Reader Question: Should I Purchase Car Insurance If I’m Temporarily Moving to U.S.?
As Americans, we are free to drive our properly insurance vehicle from state to state without having to worry about whether or not we will have coverage across state lines. But what happens if you want to drive your vehicle north of the boarder? Or what if you are our one of our friendly Canadian neighbors who wants to bring your Canadian-insured vehicle into the U.S.?
I recently received an email from a Canadian reader inquiring about what type of car insurance coverage she would need in the States, as she planning on splitting time between her home in Canada and a separate residence in the U.S. This got me thinking — do insurance companies provide coverage for drivers hoping to travel across the border?
The answer is that while insurance rules and laws vary from country to country and state to state, in most cases, your insurance company will in fact cover you across the border, regardless of which side you are coming from. However, this mostly depends on your specific insurance provider. The tricky part in the equation comes from determining whether or not the amount of coverage you have selected will be adequate in the state, province, or country where you will be driving. Other factors like the length of your stay and currency exchange rates must also be taken into account as well.
If a Canadian driver plans on using the same car in both countries (for anything longer than a brief, week-long vacation), he or she will need to purchase Canadian car insurance policy regardless. If the driver plans on taking the vehicle across the border regularly, he or she may even want to consider an international car insurance policy. A policy like this allows drivers to legally operate their vehicles in bordering countries, while also providing adequate coverage.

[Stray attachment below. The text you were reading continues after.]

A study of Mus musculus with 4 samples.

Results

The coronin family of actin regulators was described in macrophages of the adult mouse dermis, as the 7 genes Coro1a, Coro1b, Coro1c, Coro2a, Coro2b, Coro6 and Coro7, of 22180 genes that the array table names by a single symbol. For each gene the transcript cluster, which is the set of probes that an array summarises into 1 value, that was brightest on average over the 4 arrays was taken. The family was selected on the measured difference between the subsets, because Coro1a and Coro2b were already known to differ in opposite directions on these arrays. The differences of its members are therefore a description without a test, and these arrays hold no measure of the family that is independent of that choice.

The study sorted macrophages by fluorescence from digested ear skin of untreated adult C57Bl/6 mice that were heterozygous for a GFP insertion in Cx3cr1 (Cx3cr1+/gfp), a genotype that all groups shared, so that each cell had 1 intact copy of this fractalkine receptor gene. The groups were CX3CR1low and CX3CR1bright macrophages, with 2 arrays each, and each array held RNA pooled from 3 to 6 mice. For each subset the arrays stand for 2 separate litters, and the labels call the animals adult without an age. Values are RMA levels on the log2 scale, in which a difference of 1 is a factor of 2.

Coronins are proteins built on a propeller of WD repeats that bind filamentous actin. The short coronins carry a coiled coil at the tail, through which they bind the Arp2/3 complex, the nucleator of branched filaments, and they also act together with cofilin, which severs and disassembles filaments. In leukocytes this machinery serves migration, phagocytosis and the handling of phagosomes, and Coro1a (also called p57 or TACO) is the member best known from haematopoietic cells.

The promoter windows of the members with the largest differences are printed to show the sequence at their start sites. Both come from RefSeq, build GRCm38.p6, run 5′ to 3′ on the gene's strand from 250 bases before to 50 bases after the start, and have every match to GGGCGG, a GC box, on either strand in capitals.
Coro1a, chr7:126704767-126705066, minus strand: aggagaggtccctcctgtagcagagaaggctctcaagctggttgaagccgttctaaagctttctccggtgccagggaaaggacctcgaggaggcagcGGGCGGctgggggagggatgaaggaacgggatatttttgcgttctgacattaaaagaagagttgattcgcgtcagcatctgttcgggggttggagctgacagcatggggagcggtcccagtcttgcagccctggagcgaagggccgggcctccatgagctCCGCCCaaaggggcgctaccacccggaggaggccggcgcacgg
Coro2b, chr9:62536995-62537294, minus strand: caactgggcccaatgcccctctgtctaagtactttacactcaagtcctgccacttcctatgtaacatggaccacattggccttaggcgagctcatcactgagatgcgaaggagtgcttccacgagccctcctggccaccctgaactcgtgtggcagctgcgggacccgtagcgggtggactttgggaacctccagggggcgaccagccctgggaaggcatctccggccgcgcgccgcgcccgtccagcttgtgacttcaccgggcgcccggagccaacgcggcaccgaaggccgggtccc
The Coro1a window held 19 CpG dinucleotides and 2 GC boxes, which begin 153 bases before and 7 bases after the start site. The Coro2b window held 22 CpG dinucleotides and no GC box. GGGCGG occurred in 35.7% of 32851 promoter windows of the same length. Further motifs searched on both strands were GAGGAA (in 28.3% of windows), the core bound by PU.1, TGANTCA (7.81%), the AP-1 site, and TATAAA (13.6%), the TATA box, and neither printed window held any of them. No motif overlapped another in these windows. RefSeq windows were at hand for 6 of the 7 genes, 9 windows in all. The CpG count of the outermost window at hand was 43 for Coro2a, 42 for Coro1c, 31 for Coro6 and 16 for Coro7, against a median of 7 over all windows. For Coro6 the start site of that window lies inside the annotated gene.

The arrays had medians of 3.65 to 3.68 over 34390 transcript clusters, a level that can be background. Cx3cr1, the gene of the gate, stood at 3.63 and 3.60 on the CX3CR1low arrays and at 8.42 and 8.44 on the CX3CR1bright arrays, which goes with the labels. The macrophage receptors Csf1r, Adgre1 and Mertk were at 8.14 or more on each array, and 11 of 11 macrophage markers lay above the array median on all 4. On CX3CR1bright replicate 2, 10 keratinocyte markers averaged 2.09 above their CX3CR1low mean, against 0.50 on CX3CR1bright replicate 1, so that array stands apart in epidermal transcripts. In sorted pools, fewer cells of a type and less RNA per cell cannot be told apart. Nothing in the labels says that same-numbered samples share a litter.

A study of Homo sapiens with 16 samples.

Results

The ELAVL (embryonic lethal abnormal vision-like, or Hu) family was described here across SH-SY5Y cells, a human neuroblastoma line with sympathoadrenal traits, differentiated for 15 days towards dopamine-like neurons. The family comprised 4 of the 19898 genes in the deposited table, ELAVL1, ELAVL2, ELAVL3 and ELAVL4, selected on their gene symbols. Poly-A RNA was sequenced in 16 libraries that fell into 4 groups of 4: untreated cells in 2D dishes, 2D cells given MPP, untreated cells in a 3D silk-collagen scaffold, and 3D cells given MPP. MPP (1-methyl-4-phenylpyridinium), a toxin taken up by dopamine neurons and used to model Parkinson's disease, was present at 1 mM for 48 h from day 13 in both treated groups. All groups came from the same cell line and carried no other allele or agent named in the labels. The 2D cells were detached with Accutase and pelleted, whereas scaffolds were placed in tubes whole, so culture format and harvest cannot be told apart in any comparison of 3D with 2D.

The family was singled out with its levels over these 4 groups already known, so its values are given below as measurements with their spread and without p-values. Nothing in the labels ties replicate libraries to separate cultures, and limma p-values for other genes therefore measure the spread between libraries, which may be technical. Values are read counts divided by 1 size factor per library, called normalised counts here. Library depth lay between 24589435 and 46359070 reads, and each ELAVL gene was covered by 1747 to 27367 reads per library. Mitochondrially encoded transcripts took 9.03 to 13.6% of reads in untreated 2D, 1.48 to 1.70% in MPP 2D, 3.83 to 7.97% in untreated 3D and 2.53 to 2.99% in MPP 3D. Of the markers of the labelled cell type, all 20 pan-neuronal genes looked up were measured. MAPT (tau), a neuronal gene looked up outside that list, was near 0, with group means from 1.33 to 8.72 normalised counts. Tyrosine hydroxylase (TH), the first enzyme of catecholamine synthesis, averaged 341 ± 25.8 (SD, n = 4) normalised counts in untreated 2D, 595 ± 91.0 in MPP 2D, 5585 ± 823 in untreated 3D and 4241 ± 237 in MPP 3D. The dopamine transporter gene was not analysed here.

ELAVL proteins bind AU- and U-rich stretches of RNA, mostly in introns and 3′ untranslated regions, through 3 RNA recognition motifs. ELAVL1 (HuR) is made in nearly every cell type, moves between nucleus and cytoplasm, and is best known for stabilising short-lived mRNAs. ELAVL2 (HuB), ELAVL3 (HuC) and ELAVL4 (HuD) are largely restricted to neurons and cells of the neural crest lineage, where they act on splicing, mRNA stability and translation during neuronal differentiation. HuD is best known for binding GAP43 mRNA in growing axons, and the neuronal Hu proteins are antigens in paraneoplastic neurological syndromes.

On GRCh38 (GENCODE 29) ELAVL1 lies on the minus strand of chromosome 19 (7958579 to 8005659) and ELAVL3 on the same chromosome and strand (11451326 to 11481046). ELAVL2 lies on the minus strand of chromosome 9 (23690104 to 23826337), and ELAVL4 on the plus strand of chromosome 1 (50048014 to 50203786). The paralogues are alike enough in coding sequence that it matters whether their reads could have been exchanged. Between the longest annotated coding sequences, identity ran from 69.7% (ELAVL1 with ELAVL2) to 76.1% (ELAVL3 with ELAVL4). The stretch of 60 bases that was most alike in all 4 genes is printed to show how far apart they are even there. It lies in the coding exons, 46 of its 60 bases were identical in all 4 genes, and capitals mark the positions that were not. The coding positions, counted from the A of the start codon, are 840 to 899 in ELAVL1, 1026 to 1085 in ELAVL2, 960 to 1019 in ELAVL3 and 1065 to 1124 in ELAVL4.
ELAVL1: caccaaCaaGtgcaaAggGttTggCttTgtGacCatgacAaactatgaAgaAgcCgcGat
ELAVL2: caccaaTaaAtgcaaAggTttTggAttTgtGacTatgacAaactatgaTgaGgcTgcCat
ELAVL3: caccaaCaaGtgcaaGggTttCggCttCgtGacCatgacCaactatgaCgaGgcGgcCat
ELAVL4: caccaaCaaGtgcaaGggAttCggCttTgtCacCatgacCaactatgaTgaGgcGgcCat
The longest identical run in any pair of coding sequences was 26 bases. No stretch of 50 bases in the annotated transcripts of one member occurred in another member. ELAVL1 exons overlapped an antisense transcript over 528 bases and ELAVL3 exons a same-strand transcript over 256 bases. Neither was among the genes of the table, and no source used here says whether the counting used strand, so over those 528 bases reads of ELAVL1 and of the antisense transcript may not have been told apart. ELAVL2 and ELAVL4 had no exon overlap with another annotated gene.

However, if you are a Canadian resident splitting time between U.S. and Canada, and you plan on having a dedicated vehicle in the U.S., it may be more cost effective to simply purchase a separate policy in the U.S. In the instance of our reader, the average insurance policy in Canada by province is substantially higher than the average policy in a state like California. In fact, the California rate for car insurance is about $754 a year, while in Canada, only Newfoundland & Labrador and Prince Edward Island have lower average premiums, at $749 and $649 a year respectively. This means if the driver will be spending most of his or her time exclusively driving in the U.S., it may be more cost effective to opt for short-term car insurance in America rather than staying with Canadian insurance.
Additionally, U.S. drivers have much more control over their car insurance premiums. This is because there are more companies that allow drivers to compare quotes from different providers, as well as select the types of coverage they can select.
For example, in Canada, the provincial automobile insurance law requires drivers to insure their vehicles for a minimum of $200,000 for Third Party Liability Coverage and Basic Accident Benefits Coverage. Drivers in Nova Scotia are required to carry $500,000 in coverage, while Québec has its own unique insurance laws. While the figure may seem staggering for U.S. drivers where minimums are significantly lower, TD Insurance states that it is common for Canadian drivers to extend their liability coverage to $1,000,000. Additionally, auto insurance is controlled by the government in Manitoba and Saskatchewan, offering buyers no real shopping ability.
So, if you are a Canadian planning a trip to the U.S., you will want to contact your insurance company first. If your insurance does provide coverage in the U.S., you will more than likely have plenty of liability coverage since Canadian insurance requires much higher coverage than U.S. states. However, it is still worth discussing with your insurance agent before making the trip.
If you are a U.S. driver planning a trip to Canada, most insurance companies provide coverage in Canada. However, since Canadian coverage is typically much higher than the required minimum in most U.S. states, you may want to add additional coverage to policy before making the trip. GEICO provides this helpful guide that can be useful for any U.S. driver hoping to take their car north of the border.